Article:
By benching Josiah Turner, Sean Miller hopes to send a message

Jeff Eisenberg
The Dagger


Josiah Turner, Arizona's top recruit and one of the Class of 2011's most highly touted point guards, did not get off the bench. Sean Miller told reporters after the game Turner was neither injured nor suspended − it was simply a coach's decision not to insert him into the game.

"No coach is worth his salt if you're not playing the players that are really practicing hard and doing what they're supposed to," Miller told the Arizona Daily Star. "It's very difficult to build a program and try to do the things that we hope to do when that's not in place.

"It's not like he's a bad kid - he's a great kid. But he's just trying to find his way from where he left high school as a true freshman to the adjustment of being in college, on and off the court."

Turner will have to play a major role later this season for Arizona to contend in the Pac-12 and make another deep NCAA tournament run, so it's clear Miller is trying to send an early message to the prized freshman to change his practice habits.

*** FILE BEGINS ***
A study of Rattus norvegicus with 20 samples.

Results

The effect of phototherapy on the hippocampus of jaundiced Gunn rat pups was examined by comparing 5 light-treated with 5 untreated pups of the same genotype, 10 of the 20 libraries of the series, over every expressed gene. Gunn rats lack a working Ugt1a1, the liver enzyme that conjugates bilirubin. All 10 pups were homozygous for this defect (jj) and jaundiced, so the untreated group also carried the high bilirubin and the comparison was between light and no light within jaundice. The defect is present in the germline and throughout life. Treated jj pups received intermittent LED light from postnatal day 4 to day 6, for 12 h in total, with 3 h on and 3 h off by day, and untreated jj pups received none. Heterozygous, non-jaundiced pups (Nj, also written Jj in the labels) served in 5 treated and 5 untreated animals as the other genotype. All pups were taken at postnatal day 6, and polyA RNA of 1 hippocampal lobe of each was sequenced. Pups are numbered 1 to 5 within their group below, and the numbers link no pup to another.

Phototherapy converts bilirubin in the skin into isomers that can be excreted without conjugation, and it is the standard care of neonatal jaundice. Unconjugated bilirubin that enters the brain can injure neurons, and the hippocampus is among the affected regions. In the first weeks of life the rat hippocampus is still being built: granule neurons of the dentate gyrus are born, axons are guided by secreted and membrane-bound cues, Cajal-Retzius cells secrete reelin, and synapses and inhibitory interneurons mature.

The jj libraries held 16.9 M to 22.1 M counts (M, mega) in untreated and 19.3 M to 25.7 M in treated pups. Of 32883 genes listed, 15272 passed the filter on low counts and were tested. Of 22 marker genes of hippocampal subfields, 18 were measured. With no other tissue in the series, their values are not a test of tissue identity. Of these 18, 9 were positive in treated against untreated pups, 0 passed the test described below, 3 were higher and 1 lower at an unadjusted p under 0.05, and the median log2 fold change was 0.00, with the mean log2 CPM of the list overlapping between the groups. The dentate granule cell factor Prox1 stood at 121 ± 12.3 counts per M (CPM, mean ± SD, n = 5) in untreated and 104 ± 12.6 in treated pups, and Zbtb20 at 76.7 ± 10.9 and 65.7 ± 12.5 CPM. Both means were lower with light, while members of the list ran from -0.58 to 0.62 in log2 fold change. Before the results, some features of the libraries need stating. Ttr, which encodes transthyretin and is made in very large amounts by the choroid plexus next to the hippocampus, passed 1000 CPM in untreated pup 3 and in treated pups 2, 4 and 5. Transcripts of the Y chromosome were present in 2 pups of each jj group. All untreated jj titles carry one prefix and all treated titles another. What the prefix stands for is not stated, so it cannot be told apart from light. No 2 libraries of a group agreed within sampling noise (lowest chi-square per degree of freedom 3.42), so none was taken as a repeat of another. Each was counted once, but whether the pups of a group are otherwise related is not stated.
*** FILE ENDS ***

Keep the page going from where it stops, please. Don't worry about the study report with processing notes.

The Sacramento native lost his spot in the starting lineup against Duquesne on Wednesday when he was late to a shoot-around. He also struggled on the floor against the Dukes and Valparaiso, shooting a combined 1-for-7 and making a handful of bad decisions with the ball in his hands.

Whether Miller's decision pays off will depend on how maturely Turner responds to it. If he uses being benched as motivation, it can be a turning point in his season. If it creates a rift between him and the coaches because he feels angry or humiliated, it could potentially turn into a distraction. {YSP:MORE}

With Turner on the bench and starter Jordin Mayes not having one of his better games, Arizona turned to freshman Nick Johnson to play some point guard. Johnson, who hadn't played the position at all in high school, filled in admirably, earning praise from Miller for not crumbling under the circumstances.

There's no doubt Johnson is better as a scorer than a facilitator, so Arizona should hope his minutes at point guard are merely temporary. That playing time needs to go to Turner. Maybe now he'll be ready for it.